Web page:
Nitinol is a metal alloy, sometimes also called 'memory metal' or more properly Shape Memory Alloy (SMA). This memory effect was originally discovered in the 1930s, but Nitinol itself was only discovered in 1962.
Made from Nickel and Titanium, it was discovered at the Naval Ordnance Laboratory in White Oak, Maryland. Shape Memory Alloys have two distinct types of crystal structure, depending on whether they are above or below a certain critical transformation temperature. Below the critical temperature, the alloy is flexible and can be bent easily into any shape. This is known as the martensitic state, where the atoms are in flexible lattices, which allow the metal to be bent easily.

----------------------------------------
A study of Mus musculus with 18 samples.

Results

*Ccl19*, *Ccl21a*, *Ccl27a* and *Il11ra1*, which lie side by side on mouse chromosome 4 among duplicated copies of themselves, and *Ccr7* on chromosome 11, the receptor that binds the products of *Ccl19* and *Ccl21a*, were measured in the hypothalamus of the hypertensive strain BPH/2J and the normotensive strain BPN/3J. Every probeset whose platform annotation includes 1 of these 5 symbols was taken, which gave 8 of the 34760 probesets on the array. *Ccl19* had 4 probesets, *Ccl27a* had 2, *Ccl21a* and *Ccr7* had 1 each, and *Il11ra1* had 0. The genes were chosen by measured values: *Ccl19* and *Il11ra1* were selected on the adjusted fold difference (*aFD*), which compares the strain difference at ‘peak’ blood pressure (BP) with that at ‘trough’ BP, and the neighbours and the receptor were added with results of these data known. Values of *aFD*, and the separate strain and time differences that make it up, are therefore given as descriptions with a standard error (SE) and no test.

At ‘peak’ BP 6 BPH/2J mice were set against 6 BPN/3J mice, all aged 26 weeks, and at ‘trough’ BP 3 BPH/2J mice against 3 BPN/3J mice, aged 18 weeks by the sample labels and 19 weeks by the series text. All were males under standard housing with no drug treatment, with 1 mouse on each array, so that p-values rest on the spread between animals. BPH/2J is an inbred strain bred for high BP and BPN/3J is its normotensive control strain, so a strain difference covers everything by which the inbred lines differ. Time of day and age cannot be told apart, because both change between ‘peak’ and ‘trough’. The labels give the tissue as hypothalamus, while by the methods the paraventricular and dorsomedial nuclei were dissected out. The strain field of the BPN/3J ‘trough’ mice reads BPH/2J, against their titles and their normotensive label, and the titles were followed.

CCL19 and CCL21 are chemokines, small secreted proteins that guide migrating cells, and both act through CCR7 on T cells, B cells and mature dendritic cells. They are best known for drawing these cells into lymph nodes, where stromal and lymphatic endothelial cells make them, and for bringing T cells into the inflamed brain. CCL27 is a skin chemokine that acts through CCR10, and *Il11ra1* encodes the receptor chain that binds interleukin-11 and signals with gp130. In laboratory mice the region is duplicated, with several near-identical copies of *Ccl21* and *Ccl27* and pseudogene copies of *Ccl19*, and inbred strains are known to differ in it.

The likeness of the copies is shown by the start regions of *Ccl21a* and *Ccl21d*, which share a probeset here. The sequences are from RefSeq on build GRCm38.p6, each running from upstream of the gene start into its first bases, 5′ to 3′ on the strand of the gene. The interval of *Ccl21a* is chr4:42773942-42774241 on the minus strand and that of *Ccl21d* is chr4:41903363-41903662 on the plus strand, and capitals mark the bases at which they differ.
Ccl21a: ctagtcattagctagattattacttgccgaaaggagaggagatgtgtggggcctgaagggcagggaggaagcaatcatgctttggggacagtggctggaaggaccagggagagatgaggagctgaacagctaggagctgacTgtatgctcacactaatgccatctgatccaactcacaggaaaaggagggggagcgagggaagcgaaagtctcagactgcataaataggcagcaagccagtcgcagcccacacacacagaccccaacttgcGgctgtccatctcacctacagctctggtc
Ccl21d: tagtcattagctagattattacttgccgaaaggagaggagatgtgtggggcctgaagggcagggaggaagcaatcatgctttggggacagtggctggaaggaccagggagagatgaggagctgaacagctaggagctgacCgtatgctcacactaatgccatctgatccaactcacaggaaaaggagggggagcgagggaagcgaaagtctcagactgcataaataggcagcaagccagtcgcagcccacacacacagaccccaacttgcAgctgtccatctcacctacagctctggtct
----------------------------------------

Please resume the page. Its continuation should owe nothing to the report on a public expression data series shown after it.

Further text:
But once heated to the critical temperature, Nitinol shows its 'heat memory' as it tranforms into the autenitic state, where the atoms become locked into their previous rigid arrangement. When the metal springs into its remembered shape, it does so with so much force that it can be used to do actual work. Small motors have been built using Nitinol wire that passes through different temperatures. Solar panels on some satellites are raised into position by Shape Memory Alloys, activated by the heat of the sun.
A shape is programmed into a piece of Nitinol by annealing it. The metal is held in the desired shape, and heated to a high temperature. After it cools, you can bend it into any shape you want, but heat it above the critical temperature and it will instantly return to the high temperature shape that you programmed into it.
Here, the petals of the flower are made of Nitinol, and as they are heated, the petals unfurl, and the flower opens. Take away the source of heat and the petals quickly cool down, and the flower closes again.